Life at the Bradshaw house in Nacogdoches County is full of energy. Three year old twins John and Gabe are a lot to handle for granddad and legal guardian, Les Bradshaw. But after a series of life's misfortunes Les said, 'Why not take my grandchildren? I can handle anything.'
First, injuries from a car wreck left him disabled. Les spends a lot of time in a wheelchair. While in the hospital his dad passed away, leaving Les' mom alone. He caring for her and dealing with not being able to say goodbye to his father. " That was hard. I'm still dealing with that," said the man who is mostly wheelchair bound. During rehab, the Enron employee lost his savings. " It came crashing down. I lost my retirement." And then it became obvious, the twins' parents were simply incapable of caring for their children. " I think they were overwhelmed. Their world came crashing down on them."
With all that had happened, Les felt he could handle anything. He and his wife have young children of their own, but they stepped in to take care of the twins. As with most custody issues, the parents blew up at the idea. He recalled the parent's reaction. "They said, ' Your taking my boys from me?', I said, 'No, I'm not taking anything away from you. I'm watching the boys until ya'll get your stuff figured out and they will be here. They will always be here when you grow up."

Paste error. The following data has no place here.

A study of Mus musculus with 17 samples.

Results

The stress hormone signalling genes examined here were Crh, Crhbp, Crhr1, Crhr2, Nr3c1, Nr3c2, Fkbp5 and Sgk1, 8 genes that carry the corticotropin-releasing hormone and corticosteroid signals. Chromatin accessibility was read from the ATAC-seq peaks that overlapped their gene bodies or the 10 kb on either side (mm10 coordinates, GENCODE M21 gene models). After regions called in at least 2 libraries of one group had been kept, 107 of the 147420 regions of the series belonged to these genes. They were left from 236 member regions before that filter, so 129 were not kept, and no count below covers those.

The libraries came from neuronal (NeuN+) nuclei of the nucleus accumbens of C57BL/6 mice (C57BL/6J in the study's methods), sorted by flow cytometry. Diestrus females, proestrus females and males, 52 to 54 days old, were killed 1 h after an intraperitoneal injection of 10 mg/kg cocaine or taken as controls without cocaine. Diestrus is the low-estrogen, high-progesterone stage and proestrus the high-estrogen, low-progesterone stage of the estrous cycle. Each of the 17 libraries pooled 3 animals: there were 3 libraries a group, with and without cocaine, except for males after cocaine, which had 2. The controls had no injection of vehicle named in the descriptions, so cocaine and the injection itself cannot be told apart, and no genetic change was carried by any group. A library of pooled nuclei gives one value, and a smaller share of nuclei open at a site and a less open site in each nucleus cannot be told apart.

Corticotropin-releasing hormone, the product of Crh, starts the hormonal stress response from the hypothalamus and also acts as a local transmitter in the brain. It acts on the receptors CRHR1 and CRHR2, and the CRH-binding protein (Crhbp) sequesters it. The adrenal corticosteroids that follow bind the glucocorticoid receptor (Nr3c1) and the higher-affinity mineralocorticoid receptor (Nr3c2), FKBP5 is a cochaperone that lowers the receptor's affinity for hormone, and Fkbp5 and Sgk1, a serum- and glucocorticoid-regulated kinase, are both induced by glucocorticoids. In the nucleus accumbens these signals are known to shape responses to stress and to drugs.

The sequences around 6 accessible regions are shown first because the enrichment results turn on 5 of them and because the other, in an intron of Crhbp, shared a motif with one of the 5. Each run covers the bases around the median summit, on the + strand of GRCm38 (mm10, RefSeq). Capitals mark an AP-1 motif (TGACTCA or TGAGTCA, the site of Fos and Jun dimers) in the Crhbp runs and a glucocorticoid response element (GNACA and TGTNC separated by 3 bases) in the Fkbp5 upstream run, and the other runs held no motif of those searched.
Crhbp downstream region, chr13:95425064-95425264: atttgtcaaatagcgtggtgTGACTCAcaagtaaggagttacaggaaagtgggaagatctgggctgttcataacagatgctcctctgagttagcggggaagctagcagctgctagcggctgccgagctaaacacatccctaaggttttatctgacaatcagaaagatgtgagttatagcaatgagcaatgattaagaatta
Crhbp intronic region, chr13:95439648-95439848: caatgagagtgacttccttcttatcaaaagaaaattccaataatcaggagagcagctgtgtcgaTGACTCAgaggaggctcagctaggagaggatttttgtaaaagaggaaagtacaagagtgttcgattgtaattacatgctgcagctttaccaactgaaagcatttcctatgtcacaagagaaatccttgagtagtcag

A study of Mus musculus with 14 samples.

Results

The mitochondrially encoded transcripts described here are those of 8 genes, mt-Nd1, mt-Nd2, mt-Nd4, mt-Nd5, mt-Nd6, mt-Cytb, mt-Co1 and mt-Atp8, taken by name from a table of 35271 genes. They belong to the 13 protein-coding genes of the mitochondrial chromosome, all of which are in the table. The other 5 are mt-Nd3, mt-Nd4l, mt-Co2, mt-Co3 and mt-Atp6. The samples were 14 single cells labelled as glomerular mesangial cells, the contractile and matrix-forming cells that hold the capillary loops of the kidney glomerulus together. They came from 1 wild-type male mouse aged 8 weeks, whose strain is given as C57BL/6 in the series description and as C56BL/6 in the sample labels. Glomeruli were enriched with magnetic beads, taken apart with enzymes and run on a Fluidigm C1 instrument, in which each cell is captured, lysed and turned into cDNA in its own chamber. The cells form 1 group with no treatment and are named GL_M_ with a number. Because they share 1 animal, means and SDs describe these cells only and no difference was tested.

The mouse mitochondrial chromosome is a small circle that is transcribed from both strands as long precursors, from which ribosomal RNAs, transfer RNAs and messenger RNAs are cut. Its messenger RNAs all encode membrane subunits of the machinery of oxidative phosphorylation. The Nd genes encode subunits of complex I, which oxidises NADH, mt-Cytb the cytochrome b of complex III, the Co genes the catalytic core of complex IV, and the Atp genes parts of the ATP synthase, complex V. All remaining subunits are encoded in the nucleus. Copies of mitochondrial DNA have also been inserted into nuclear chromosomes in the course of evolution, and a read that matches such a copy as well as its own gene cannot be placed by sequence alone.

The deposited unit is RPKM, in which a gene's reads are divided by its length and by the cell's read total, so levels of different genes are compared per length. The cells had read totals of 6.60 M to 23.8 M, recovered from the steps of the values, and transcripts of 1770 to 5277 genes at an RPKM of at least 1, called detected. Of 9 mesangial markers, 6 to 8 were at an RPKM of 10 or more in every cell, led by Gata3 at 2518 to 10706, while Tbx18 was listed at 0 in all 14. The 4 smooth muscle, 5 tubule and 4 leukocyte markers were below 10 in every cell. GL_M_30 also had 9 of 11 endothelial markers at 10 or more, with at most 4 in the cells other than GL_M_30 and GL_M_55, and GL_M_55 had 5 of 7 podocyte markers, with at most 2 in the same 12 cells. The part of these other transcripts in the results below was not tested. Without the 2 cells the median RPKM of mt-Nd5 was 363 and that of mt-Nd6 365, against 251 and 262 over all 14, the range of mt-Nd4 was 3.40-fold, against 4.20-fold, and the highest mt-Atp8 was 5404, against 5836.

The emotional, mental and financial roller coaster ride began. Les is extremely grateful to his wife. " My wife stood up and went back to work and has not thought twice. It's been an uphill struggle the whole way, but it's been a blessing for me." Against all odds Les can walk with the aid of canes. He's convinced keeping up with the twins contributed to his successful rehab. Les pulls up to the children's pre school. He does it just like the young moms around him, only a bit slower.
The Bradshaws are working toward parent unification. It's in the best interest of the boys. Undoubtedly it will create a bittersweet moment.
The twins eagerly look at a family photo album yelling, " And that's Daddy and Mommy." " That's right," said Les who wants the boys to know their parents. The parents visit the twins weekly. They're separately working on earning the right to care for their own children. For now that remains in the hands of loving grandparents.
Les says, " They're our future. If they're not being taken care of than they're not going to take care of us or the country or anything else and the problem has to be rectified somewhere."